Imagine a rich nation with a lot of potential, inside a large kingdom, ruled by a faraway government. The foreign government neglects the nation’s sovereignty, rules against its economic interests by disregarding the nation’s needs and introduces laws that interfere with its already-limited political autonomy. After several failed attempts of changing the government’s attitude, the people of this nation realize that the best solution to their problems is to become an independent country: A country where there would be no kings overruling the people’s will. They then organize local assemblies, which end up forcing the local leaders to start a process of claiming independence. Does this story sound familiar? Well, I’m not talking about something that happened around 1776, but about what has been happening in Catalonia since 2010.
Catalonia, a little region in the northeast of Spain, organized a binding independence referendum that took place on Sunday, October 1, and is determined to declare independence in 48 hours if the “Yes” vote wins. What’s so strange about that? In contrast to the UK’s position in the case of Scotland, Spain doesn’t believe that this matter can be solved with a referendum. Their excuse is that the Spanish Constitution considers the Spanish nation as indissoluble in Article 2 (an article introduced under military pressures in 1978 according to constitution father Jordi Sole Tura). Surprisingly, the same constitution in Article 10 also accepts the Declaration of Human Rights, which includes the right to self-determination of people and which is currently being violated by Spain.
Whether or not they support the independence of Catalonia, nobody in favor of democracy can understand how, even though according to official data more than 70 percent of the population in that region wants to hold a referendum, the Spanish government will not allow it. Despite the efforts of the Catalan government over the past years, the Spanish government has denied any negotiation that included a referendum on independence. This has brought the Catalan government to organize the referendum against the will of the Spanish government, and over the last few weeks, the latter has shown its most oppressive face since Franco’s dictatorship.
As the UN has warned, the Spanish government has attempted to suppress the fundamental rights to freedom of expression, assembly and association and public participation. It did so by blocking 140 websites, arresting 14 high government officials, forbidding political meetings, threatening more than 700 mayors with civil prosecution (75 percent of Catalonia’s mayors) and sending 4,000 Spanish military police to search print houses and raid referendum material. If this wasn’t enough, the Spanish government has also intervened in Catalonia’s finances, leaving research centers, universities and other institutions without the ability to use their funds. In addition, the government has taken over the Catalan police (by putting in charge of it, ironically, a supporter of the failed coup d’etat of 1981). They are even considering arresting the current President of Catalonia Carles Puigdemont.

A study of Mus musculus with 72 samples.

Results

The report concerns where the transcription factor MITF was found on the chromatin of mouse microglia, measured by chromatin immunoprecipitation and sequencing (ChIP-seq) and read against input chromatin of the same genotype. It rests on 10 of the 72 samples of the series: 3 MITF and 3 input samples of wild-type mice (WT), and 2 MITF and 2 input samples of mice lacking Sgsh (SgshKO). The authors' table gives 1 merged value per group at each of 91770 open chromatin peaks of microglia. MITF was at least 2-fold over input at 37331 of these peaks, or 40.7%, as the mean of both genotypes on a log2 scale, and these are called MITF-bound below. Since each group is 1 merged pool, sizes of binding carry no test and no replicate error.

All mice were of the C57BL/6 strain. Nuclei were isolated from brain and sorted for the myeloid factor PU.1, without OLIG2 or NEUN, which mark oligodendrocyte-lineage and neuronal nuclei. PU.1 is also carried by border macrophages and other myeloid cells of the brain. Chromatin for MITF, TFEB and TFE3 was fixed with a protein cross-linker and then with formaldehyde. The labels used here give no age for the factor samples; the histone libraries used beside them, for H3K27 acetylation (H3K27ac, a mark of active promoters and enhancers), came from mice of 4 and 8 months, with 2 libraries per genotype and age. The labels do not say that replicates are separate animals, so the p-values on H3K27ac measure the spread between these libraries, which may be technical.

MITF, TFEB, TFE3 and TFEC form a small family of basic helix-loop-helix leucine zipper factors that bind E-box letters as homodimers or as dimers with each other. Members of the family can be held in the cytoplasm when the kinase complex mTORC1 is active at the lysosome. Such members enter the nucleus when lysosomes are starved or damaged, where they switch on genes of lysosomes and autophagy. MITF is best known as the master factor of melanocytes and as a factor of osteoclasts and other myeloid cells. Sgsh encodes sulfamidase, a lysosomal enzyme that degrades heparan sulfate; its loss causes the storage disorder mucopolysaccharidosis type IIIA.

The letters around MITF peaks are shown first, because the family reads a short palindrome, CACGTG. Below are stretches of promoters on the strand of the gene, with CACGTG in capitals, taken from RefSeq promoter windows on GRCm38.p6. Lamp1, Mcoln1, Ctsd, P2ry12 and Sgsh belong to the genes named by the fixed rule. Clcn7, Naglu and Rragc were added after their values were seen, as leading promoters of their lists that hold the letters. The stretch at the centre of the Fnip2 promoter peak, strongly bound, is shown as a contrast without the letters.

The Catalan people have proved for several years in a row on every 11th day of September (the National Day of Catalonia), that they know how to protest peacefully. That is the way they expect to be able to hold the referendum, and that’s the way they have been protesting against these repressive actions. In response, the Spanish government is accusing the organizers and thousands of protest attendees of sedition, a crime that could result in a maximum of 15 years in prison.
At this point, with the international press talking about a coup d’etat in Catalonia, it is clear that democracy is at stake, and for this reason, the Catalans’ right and desire to vote has received the support of many personalities. This includes six Nobel Prize winners, personalities like Joan Baez, Noam Chomsky and Yoko Ono, over 150 intellectuals from around the world (including UCR anthropology professor Susan Ossman) and freedom of expression supporters Edward Snowden and Julian Assange, the latter of whom is currently helping the Catalan government to protect their websites. Politicians from several countries, such as the UK, Norway and Denmark, have also shown their support, as did the former president of Slovenia (a country that used its right of self-determination in the past) and 48 EU parliamentarians.
This is not about whether the referendum is legal or not anymore, it’s about democracy. From here, as students and academics from the USA, I ask you to show your support to all the people in Catalonia who are peacefully fighting today for their rights. If we adopt a neutral position in front of these attacks on democracy, we become accomplices of the aggressor: The Spanish government. We cannot remain silent.